A Vancouver father is calling on parents to vaccinate their children for chickenpox after his son nearly died from the disease while his immune system was compromised during chemotherapy.
Jason Lawson's 10-year-old son Beckett has been in and out of hospital for most of his life for cancer treatment, but Lawson says one of the scariest moments came when the boy caught chickenpox from a classmate at school.
Lawson says his son was vaccinated, but chemotherapy for his leukemia destroyed his immune system — making him susceptible to the disease – and he spent 10 days in the intensive care unit recovering.
"We almost get to the end of the treatment of his cancer and here we are back in the hospital for a preventable illness contracted by someone who didn't have to have it," says Lawson.
Beckett has fully recovered from the infection, but his father hopes others will listen to his son's story and get their children vaccinated.
"It's not just a decision about yourself. It's a decision about your community," says Lawson.
"You need to make the decision to protect yourself and your children, but ultimately you have to make that decision knowing that you are protecting the community and people out there who might be weaker than you at the moment."
"There are kids like Becket that are going through cancer, but there are also many adults who are going through cancer and many elderly people."
Vancouver Coastal Health says a free vaccine covers the chickenpox and parents should to consult their family physicians to receive it.
While serious childhood diseases such as polio and diphtheria are becoming rarer due to routine childhood vaccination programs, according to VCH Medical Health Officer Dr. Meena Dawar, there’s still cause for concern.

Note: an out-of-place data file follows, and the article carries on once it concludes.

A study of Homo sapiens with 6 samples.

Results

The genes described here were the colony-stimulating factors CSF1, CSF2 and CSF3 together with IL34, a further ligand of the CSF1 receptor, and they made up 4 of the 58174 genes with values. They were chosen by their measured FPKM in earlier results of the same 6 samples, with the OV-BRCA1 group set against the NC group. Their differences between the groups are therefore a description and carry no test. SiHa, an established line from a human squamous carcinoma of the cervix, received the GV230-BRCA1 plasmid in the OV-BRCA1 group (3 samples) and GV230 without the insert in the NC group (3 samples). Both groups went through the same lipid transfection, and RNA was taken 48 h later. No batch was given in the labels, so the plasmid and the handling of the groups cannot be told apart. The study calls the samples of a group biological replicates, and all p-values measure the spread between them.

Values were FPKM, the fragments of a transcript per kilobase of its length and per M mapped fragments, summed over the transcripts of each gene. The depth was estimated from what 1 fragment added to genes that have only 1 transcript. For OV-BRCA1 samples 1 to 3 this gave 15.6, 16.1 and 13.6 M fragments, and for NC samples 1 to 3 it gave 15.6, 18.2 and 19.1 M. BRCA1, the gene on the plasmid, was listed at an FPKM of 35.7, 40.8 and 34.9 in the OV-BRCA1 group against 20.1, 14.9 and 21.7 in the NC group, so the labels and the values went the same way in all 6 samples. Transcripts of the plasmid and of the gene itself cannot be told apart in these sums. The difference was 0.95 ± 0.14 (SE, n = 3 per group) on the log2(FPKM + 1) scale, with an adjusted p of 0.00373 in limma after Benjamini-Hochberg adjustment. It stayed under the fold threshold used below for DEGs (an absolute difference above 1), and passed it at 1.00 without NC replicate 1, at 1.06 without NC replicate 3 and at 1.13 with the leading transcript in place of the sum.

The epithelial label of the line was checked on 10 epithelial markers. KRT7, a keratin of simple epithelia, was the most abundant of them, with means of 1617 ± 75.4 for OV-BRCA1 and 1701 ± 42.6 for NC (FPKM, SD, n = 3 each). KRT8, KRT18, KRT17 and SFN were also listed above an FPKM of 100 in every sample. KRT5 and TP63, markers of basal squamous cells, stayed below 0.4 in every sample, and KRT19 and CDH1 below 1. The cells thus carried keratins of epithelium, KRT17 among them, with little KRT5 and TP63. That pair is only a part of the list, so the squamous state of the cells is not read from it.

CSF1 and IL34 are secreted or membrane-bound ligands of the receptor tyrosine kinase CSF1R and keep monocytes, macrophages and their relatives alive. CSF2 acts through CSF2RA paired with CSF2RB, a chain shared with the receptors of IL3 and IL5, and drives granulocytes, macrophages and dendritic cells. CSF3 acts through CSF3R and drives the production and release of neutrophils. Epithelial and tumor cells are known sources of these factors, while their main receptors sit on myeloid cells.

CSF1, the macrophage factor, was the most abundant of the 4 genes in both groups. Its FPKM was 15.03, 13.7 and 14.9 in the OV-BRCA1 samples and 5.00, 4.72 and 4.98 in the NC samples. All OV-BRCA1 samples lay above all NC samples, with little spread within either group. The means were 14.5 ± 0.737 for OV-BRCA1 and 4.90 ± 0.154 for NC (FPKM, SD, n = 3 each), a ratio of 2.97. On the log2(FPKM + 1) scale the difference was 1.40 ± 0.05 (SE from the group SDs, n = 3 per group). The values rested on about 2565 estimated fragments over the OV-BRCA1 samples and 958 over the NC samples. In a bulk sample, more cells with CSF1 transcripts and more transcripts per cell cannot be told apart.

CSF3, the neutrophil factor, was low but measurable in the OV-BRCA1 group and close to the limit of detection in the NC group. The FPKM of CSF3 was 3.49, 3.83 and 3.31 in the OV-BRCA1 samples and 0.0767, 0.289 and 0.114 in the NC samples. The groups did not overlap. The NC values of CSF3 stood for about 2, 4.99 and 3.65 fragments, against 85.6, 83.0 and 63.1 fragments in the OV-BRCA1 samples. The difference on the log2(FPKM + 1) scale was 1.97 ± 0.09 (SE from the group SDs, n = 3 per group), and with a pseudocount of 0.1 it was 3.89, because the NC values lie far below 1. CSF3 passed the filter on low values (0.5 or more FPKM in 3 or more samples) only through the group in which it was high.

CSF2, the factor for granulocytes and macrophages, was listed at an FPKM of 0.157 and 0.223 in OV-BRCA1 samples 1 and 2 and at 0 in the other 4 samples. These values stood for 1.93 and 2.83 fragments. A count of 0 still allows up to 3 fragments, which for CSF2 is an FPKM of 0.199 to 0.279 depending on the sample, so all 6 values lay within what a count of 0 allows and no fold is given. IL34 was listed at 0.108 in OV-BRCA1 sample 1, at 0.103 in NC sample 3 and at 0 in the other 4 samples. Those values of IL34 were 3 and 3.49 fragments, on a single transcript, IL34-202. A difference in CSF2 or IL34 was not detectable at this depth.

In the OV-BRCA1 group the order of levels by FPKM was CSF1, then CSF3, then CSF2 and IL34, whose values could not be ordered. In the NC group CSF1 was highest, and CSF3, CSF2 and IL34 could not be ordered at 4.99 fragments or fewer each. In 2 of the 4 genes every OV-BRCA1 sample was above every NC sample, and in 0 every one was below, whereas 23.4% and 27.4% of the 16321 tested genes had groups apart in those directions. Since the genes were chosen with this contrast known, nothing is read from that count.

A recent outbreak of measles in B.C. has been linked to a Fraser Valley schools where many parents did not vaccinate thier children.
“As we saw with the recent measles outbreak in the Fraser Valley, and now in Alberta, these diseases are highly infectious and can spread quickly among those who aren’t vaccinated," said Dawar.
According to the B.C. Centre for Disease Control chickenpox is a common illness that causes an itchy rash and red spots or blisters (pox) all over the body.
It is most common in children, but most people will get chickenpox at some point in their lives if they have not had the chickenpox vaccine. Chickenpox usually isn't serious in healthy children, but it can cause problems for:
- pregnant women
- adults, and
- people who have immune system problems that make it hard for the body to fight infection.
Signs and symptoms of chickenpox may include:
- A fever and feeling tired before a rash develops
- Small, red, flat spots that usually first appear on stomach, back, face, and scalp and then spread to the rest of the body
- The spots develop into fluid-filled blisters which are usually less than a quarter inch wide and have a red base
- After the blisters break, the open sores will become covered by dry, brown scabs
The chickenpox vaccine is free and is available for all people in B.C. who are over one year of age and have not had chickenpox disease after 12 months of age. If given within five days of exposure to chickenpox disease, it can prevent or reduce the severity of chickenpox.